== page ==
Understudy Billy Eugene Jones stood in again Sunday for Sean Combs, the hip-hop mogul who stars in the hit Broadway revival of Lorraine Hansberry’s “A Raisin in the Sun.”

Combs left the production during intermission of the Saturday matinee because of a stomach ailment, said Bob Fennell, a spokesman for the play. Jones finished the performance and did the Saturday evening show as well.

Jones, a recent graduate of the Yale School of Drama, has a small role in “Raisin” which also stars Phylicia Rashad and Audra McDonald. The women recently won Tony Awards for their performances in the play about a working-class black family in Chicago in the 1950s.

Combs, 34, hopes to return Tuesday to “Raisin,” in which he portrays a frustrated limousine driver, Fennell said.

The production has been doing strong business at the Royale Theatre, where it has broken the house record several times since opening April 26. Its limited engagement ends July 11.

On the Net:

Raisin in the Sun: http://www.raisinonbroadway.com/

LINCOLN, Neb. (AP) – TV reality star Anna Nicole Smith – recovering from two broken ribs – considered canceling an appearance at an HIV/AIDS benefit for children but showed up after all.

Smith said she was “very much in pain” when she arrived in Lincoln. But, “I love children. I’m doing this for the kids.”

The 36-year-old model appeared at the Rococo Theater for Saturday’s fund-raiser with Jerri Manthey of “Survivor,” Hilarie Burton of “One Tree Hill,” and Lincoln native Jon Kelley, who appears on television’s “Extra.”

Smith suffered two broken ribs in a fall from a water craft while filming “The Anna Nicole Show.”

During her visit, Smith also participated in three hours of “celebrity karaoke” at the Rococo Theater.

LOS ANGELES (AP) – The late Grateful Dead guitarist Jerry Garcia was many things: musician, artist, writer, composer.

Wine connoisseur wasn’t really one of them, even though J. Garcia wine, released last year, sold out its first shipment of 22,000 cases in just 30 days, according to the Clos du Bois winery, which is producing it with the approval of Garcia’s estate. A second batch of wines, more than 30,000 cases of merlot, zinfandel and cabernet sauvignon, recently arrived in stores.

“Quite honestly, Jerry was not really a big drinker,” said Grateful Dead biographer and longtime Garcia friend Dennis McNally. “But he did have his occasional glass of wine.”

Garcia, who died of a heart attack in 1995, also had a somewhat tenuous relationship with Sonoma County, where the wine is produced.

“Sonoma County is where Jerry dropped out of high school,” McNally said with a chuckle.

He surfaced fairly soon afterward in a jug band in Palo Alto that eventually changed its name, electrified its acoustic instruments and helped change popular music.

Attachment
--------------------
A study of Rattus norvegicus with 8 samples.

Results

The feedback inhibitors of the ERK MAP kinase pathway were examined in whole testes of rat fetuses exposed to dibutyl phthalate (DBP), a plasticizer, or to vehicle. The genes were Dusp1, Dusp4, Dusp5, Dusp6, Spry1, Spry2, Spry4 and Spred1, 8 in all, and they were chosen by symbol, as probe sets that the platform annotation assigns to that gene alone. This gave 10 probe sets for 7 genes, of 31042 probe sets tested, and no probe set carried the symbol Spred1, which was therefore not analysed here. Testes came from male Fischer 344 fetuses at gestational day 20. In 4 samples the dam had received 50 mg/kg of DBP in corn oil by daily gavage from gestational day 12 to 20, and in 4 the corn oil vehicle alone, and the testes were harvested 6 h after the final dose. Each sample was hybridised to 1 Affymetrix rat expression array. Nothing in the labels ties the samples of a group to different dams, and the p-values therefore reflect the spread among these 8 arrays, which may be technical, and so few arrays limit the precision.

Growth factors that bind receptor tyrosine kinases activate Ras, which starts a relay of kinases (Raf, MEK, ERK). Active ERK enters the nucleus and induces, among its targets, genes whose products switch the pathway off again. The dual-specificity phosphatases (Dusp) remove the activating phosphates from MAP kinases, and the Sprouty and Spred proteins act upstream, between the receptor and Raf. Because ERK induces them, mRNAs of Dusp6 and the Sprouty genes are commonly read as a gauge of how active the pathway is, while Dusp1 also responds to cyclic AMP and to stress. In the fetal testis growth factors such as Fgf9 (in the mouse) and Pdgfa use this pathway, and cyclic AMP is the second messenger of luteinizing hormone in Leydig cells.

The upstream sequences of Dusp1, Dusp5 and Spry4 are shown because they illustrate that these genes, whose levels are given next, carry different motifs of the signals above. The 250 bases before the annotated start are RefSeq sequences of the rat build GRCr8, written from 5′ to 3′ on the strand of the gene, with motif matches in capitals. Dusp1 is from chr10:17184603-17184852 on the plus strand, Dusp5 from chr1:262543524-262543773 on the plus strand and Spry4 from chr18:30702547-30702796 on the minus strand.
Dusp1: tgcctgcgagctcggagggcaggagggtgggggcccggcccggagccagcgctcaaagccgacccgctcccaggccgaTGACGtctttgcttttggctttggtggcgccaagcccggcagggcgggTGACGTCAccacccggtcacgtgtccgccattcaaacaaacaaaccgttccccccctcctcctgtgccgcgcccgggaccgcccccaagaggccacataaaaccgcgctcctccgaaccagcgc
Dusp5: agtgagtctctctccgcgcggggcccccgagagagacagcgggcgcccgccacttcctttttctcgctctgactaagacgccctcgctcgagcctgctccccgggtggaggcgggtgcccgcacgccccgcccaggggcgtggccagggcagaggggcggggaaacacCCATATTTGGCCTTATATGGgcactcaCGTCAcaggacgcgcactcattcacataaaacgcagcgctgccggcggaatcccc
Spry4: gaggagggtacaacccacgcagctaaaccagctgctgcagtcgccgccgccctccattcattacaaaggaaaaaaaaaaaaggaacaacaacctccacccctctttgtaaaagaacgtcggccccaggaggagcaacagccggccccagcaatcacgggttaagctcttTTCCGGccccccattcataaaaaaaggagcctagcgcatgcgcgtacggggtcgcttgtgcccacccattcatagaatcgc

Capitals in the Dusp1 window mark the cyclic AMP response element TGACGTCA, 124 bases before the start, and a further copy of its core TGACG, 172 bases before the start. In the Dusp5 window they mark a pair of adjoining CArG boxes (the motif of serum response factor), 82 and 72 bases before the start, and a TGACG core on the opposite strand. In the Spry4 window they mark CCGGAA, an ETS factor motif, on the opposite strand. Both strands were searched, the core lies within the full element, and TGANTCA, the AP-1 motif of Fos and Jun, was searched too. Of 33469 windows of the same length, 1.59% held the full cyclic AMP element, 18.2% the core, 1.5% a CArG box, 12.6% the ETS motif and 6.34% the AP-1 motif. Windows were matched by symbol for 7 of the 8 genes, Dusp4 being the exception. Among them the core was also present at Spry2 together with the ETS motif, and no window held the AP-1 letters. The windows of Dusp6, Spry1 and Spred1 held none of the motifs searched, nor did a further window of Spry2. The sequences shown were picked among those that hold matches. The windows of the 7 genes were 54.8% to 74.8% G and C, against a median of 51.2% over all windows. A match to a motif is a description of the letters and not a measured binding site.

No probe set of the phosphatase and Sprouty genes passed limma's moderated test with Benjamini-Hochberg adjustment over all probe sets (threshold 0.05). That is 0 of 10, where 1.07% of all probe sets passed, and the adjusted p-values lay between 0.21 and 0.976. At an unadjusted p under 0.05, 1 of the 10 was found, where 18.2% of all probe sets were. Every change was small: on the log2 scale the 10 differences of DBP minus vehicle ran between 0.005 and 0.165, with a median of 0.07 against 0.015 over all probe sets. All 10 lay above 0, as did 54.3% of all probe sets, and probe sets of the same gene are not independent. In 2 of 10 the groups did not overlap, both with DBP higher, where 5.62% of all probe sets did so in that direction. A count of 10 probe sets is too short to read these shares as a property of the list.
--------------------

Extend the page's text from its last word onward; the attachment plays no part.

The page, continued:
Renowned initially for his music, Garcia began to gain attention toward the end of his life for his abstract paintings, and examples of the latter are included on each bottle of wine.

LAS VEGAS (AP) – Comedian Don Rickles has been inducted into the Gaming Hall of Fame.

Rickles, who made his first appearance in Las Vegas in 1959, accepted the honor Friday during a ceremony at the Green Valley Ranch hotel-casino.

“In the 45 years I’ve worked in casinos, I dreamed of being honored by an organization like the American Gaming Association, especially since I don’t even have a hunting license,” Rickles joked.

More than 50 people have been inducted into the Gaming Hall of Fame, including Wayne Newton, Merv Griffin, Barron Hilton, Kirk Kerkorian and Donald Trump.

During his acceptance speech, Rickles reflected on the state of comedy today.

“Compared to what some of the young comics use for material today, I’m a priest,” Rickles said.

NEW YORK (AP) – One of Manhattan’s most famous French restaurants, whose patrons have included Frank Sinatra and former presidents, is going to move and change its name, its owner says.

Le Cirque 2000 will leave its current home in the Palace Hotel on 50th Street on Jan. 1, a year before its lease was to end, according to owner Sirio Maccioni.

“Le Cirque is not closing, Le Cirque is moving out,” he told The New York Times for Sunday editions. “But anything I do after Jan. 1 will not be called Le Cirque 2000 because 2000 is already past.”

Maccioni said plans aren’t yet final, but he is considering returning to the East 60s, where the original Le Cirque opened in 1974 at the Mayfair Hotel.

“Some of my customers still wonder why I went downtown,” he told the Times. “I had to convince them to come.”

Along with Sinatra, Le Cirque’s guest list has included Henry Kissinger, Princess Grace, Bill Blass, Richard Nixon, Bill Clinton, Diana Ross and Nancy and Ronald Reagan.

Maccioni said his decision to move was spurred in part by a change in the Park’s management.